1. R Irvine,
  2. P Moule,
  3. F Cleugh
  1. Paediatrics, St Marys Hospital, London, UK


Introduction England has one of the lowest breastfeeding rates in Europe. Initiation rates are 83% but within one week the rate of exclusive breastfeeding drops to 46% and by 6 months to only 1%. 1 Lay and professional support, particularly if it is multi-faceted and spans pregnancy and birth, can prolong the duration and exclusivity of breastfeeding. The most beneficial interventions to promote breastfeeding include support by skilled peers and trained professionals. This study aims to evaluate women’s experiences of breastfeeding services within the North West London area.

Methods and materials Data collected using questionnaire with statistical analysis of the results and a semi structured interview technique with content analysis. Study conducted within North West Thames. Questionnaire consisted of 57 questions examining demographic, economic, psychosocial experiences, antenatal and postnatal care.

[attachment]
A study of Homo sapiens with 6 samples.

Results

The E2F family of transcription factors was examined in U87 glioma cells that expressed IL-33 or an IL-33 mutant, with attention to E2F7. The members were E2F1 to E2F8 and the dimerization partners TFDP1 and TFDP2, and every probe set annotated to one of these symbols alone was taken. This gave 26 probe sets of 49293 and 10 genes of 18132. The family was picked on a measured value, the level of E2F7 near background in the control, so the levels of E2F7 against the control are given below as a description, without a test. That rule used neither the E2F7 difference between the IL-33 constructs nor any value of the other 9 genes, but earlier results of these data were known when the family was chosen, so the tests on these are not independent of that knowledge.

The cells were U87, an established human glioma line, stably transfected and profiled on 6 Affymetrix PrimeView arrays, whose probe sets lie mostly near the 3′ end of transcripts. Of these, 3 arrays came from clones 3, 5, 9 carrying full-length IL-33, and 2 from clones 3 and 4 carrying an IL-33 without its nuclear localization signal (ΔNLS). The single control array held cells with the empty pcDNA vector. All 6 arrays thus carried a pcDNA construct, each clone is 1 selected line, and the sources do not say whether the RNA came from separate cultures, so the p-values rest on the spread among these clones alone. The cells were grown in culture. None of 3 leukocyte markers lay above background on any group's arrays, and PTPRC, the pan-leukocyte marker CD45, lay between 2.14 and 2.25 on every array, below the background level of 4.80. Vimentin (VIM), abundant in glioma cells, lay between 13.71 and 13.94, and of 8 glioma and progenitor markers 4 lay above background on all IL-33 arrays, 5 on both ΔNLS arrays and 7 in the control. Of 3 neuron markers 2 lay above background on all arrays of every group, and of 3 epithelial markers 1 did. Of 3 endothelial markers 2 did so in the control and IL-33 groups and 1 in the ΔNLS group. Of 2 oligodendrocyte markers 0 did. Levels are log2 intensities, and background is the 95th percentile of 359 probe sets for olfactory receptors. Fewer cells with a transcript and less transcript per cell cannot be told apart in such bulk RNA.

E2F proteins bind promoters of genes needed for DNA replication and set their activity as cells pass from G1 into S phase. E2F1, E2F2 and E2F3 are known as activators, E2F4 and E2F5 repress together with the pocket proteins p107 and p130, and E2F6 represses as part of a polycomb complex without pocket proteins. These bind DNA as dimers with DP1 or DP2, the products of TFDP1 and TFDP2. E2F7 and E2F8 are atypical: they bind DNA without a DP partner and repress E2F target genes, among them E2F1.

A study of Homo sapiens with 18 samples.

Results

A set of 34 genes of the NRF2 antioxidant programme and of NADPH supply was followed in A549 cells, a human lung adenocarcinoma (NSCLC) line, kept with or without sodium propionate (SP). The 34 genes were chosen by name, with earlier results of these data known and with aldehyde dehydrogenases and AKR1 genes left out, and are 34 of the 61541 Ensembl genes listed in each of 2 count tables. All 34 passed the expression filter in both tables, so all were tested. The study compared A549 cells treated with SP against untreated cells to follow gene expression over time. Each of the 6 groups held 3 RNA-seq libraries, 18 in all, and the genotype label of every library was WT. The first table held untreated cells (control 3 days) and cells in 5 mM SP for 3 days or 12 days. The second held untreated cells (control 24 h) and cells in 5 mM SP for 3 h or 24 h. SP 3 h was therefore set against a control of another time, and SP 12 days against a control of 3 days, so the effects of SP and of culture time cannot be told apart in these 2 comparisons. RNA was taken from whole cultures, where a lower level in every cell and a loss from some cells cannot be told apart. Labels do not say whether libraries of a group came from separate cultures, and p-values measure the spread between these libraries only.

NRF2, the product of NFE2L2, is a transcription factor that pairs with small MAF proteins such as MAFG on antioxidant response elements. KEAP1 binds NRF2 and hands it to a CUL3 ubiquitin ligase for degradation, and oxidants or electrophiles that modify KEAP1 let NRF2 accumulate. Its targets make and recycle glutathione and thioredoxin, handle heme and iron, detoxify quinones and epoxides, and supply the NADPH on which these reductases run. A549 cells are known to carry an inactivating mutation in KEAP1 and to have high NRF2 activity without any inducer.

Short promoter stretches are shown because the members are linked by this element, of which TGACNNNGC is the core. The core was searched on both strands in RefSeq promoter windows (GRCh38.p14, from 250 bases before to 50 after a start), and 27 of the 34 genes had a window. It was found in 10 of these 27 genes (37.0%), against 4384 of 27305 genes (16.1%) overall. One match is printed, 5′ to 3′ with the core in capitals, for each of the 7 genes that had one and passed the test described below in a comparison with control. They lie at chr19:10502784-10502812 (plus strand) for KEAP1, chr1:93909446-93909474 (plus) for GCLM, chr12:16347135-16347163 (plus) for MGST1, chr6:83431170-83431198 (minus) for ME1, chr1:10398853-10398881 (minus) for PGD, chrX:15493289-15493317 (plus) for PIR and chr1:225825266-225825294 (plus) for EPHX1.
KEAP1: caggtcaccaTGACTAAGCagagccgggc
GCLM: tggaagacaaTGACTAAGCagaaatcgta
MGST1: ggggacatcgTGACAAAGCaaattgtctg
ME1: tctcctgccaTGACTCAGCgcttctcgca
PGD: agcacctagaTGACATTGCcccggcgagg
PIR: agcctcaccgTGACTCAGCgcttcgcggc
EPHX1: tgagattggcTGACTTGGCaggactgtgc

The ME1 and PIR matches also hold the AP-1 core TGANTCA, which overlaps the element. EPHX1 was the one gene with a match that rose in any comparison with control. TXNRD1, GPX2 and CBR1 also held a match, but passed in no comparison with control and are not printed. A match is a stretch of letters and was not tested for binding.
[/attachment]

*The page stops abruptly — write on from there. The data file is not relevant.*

Results 50 questionnaires completed. 43/50 (86%) mothers intended to breastfeed during antenatal period, 2/50 (4%) bottlefeed, 2/50 (4%) combination of breast and bottle and 3/50 (6%) undecided. 34/50 (68%) did not feel confident that their GP could provide adequate advice and support. Of those 34, 4/34 (12%) would contact their health visitor for breastfeeding related concerns. Who they would contact for breastfeeding related questions or concerns is summarised in Figure 1. 7/50 (14%) felt pushed into a decision regarding breastfeeding, 43/50 (86%) did not, however 3 expressed that breastfeeding was “strongly” encouraged with a feeling of guilt towards bottlefeeding. 24/50 (48%) received conflicting advice from healthcare professionals at some point during the antenatal or postnatal period. 14/50 (28%) identified conflicting advice around technique specifically.

Conclusion Training healthcare staff is a key source to improve experiences as they are commonly the first port of call for mothers with breastfeeding issues. With limited healthcare resources, expectations must however be managed. With consistent advice from knowledgeable staff, breastfeeding support and experiences can be improved. Maximising support within the community was highlighted as the most appropriate and preferable route, through the use of more face to face time with health visitors but also increasing confidence with mother’s own GP’s.